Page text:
Dear Carol, I am looking to plant blue flowers in my winter flower beds. Any suggestions?
A: Named after the botanist Matthias de Lobel, a native of Lille, France, Lobelia erinus, is a short – lived perennial used as an annual for great color in the winter landscape here on the Treasure Coast and other warm regions. Also known as Bellflower or Edging Lobelia, this garden beauty has been in cultivation for 200 years or more. Lobelia’s origin is uncertain, many experts put it in South Africa.
The Lobelia plant can be trailing or compact, the delicate deep green leaves are simple, alternate on the stem with scalloped edges and are less than 2 inches long. The flowers are the show and there are many varieties which produce blooms in shades of white, blue, pink, purple, and violet. Individually, the flowers are tubular with spreading lips. They are held in loose groups on graceful stalks above the foliage and bees are often seen visiting the flowers.
Lobelia likes a lot of light, but not heat. Plant it in full sun when the weather is cool. However, here in central and south Florida, a bit of afternoon shade is a good thing. Lobelia is tolerant of cool, but not freezing temperatures. The soil should drain well, but supplemental irrigation must be available. Consider the use of drip or low-volume irrigation for beds and pots of water-hunger Lobelia.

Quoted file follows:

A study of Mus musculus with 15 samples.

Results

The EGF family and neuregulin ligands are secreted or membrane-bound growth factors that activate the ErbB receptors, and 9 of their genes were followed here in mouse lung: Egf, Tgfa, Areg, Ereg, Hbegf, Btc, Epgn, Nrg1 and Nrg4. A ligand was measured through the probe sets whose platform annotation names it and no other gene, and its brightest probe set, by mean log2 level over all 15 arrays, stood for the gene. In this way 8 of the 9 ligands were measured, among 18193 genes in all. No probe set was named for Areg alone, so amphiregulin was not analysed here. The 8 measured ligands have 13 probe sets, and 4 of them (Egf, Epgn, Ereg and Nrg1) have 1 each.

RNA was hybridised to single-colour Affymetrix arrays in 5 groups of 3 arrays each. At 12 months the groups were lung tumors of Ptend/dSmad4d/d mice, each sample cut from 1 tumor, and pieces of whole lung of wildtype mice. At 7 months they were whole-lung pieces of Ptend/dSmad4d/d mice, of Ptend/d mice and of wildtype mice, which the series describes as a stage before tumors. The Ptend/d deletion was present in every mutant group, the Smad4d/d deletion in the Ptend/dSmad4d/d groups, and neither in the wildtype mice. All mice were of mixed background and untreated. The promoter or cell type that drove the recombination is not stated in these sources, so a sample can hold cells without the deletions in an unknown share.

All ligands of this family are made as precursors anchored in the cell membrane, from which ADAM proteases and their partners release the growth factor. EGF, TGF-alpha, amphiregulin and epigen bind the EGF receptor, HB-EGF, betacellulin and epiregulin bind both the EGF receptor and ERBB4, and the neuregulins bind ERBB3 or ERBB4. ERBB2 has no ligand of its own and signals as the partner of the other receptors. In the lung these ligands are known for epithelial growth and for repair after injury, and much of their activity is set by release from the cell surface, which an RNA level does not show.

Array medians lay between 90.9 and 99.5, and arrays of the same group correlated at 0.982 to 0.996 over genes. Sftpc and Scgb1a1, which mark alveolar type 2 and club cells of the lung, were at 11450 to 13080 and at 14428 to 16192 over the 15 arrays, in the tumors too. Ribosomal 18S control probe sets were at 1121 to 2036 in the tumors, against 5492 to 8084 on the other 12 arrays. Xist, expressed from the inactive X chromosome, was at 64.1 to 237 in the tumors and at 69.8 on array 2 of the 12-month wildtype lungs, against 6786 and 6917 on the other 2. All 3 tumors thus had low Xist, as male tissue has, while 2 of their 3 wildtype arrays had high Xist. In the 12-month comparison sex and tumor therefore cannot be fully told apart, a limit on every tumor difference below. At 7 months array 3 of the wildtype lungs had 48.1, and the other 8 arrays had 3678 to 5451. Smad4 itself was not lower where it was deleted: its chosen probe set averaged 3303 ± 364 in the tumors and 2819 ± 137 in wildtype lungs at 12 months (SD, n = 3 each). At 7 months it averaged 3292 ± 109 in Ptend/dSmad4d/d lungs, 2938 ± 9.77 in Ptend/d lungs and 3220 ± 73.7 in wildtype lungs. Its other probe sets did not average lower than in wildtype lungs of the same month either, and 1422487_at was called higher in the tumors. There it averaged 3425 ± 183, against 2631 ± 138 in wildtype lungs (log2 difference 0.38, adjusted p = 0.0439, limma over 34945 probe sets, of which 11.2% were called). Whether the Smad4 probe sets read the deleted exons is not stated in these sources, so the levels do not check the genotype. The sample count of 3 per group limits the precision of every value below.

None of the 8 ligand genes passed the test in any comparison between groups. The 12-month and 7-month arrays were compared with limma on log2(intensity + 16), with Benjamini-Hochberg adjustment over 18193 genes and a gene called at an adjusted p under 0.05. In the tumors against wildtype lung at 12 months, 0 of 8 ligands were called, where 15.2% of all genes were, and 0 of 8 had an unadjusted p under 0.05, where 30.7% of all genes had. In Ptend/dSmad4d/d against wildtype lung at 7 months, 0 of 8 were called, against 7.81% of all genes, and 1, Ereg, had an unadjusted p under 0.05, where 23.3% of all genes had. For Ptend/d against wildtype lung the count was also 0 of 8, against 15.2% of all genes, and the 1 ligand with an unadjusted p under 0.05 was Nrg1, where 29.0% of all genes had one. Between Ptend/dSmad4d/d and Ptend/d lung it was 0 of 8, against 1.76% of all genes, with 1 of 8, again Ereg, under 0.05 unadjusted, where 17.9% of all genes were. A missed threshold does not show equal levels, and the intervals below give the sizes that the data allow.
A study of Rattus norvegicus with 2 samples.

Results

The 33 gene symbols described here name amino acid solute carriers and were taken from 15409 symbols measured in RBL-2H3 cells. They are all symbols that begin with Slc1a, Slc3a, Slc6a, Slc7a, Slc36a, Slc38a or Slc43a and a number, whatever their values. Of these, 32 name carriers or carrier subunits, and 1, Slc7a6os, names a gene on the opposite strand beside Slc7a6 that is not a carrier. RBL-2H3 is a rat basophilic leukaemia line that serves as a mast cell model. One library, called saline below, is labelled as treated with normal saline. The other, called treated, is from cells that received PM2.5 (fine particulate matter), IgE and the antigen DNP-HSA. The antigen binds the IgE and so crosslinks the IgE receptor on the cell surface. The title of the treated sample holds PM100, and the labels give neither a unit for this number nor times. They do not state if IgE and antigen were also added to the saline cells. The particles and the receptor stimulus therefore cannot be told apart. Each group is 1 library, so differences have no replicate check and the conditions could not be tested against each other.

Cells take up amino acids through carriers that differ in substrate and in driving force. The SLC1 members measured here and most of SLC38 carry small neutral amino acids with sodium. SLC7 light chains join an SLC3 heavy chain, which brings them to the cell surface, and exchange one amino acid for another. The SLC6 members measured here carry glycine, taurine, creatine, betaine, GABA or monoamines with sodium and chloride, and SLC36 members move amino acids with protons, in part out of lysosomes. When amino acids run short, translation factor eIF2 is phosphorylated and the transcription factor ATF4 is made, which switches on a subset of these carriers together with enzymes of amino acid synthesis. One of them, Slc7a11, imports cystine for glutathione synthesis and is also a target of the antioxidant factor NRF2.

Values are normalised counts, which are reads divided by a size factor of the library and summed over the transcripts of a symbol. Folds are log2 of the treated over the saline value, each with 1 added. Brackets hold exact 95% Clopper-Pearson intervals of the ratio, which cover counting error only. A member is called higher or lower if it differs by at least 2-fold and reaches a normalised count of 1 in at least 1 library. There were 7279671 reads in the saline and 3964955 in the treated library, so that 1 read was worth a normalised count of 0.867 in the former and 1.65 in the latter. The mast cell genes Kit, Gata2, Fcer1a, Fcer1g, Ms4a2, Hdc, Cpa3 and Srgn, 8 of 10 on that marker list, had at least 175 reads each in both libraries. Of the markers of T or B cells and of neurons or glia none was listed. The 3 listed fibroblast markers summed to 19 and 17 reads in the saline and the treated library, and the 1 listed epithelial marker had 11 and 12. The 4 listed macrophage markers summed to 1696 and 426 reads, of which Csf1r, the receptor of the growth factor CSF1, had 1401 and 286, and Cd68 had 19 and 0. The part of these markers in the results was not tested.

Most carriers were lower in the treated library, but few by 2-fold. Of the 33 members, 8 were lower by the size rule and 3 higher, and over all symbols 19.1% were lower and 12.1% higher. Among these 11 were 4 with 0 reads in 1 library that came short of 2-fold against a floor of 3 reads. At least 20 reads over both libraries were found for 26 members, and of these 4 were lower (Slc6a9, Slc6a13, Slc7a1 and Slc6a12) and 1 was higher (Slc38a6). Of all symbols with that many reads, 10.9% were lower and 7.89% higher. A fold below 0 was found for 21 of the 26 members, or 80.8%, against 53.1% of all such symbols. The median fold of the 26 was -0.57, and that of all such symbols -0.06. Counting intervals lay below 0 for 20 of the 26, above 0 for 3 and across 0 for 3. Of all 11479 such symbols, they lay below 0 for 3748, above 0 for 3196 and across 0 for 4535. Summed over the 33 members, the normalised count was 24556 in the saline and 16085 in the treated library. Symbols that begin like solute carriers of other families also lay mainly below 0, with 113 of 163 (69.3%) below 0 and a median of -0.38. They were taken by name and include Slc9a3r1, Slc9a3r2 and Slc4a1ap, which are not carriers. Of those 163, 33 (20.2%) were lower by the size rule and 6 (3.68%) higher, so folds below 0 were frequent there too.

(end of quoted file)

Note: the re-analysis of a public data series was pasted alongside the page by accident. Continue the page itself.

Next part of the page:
Though Lobelia can be planted by seed, it often takes as long as four months from germination to flowering. Instead, buy bedding plants from a local nursery or garden center where some of the new heat-resistant varieties such as ‘Techno Heat’ or ‘Lucia’ may be found. The plants are generally available starting in November or December. Plant 6 – 12 inches apart with a balanced slow-release fertilizer. Occasional nutrients may be added in the form of dilute soluble fertilizer, Lobelia is a heavy feeder.
The electric colors of Lobelia flowers make this a plant that gets noticed. It is a great annual for container gardens. Trailing varieties add pizazz to window boxes, patio pots, and hanging baskets. Use compact varieties in mass plantings, as a bed border, and in combination pots. Lobelia attracts butterflies and is a beautiful cascading down a wall.
Plants can be cut back if flowering slows to encourage new blossoms. If planted in some shade, adventurous gardeners may be able to coax Lobelia through the hot, rainy summer, but most of us will remove Lobelia when temperatures soar. Few, if any pests cause problems for Lobelia.
This column first appeared in the Treasure Coast Newspapers.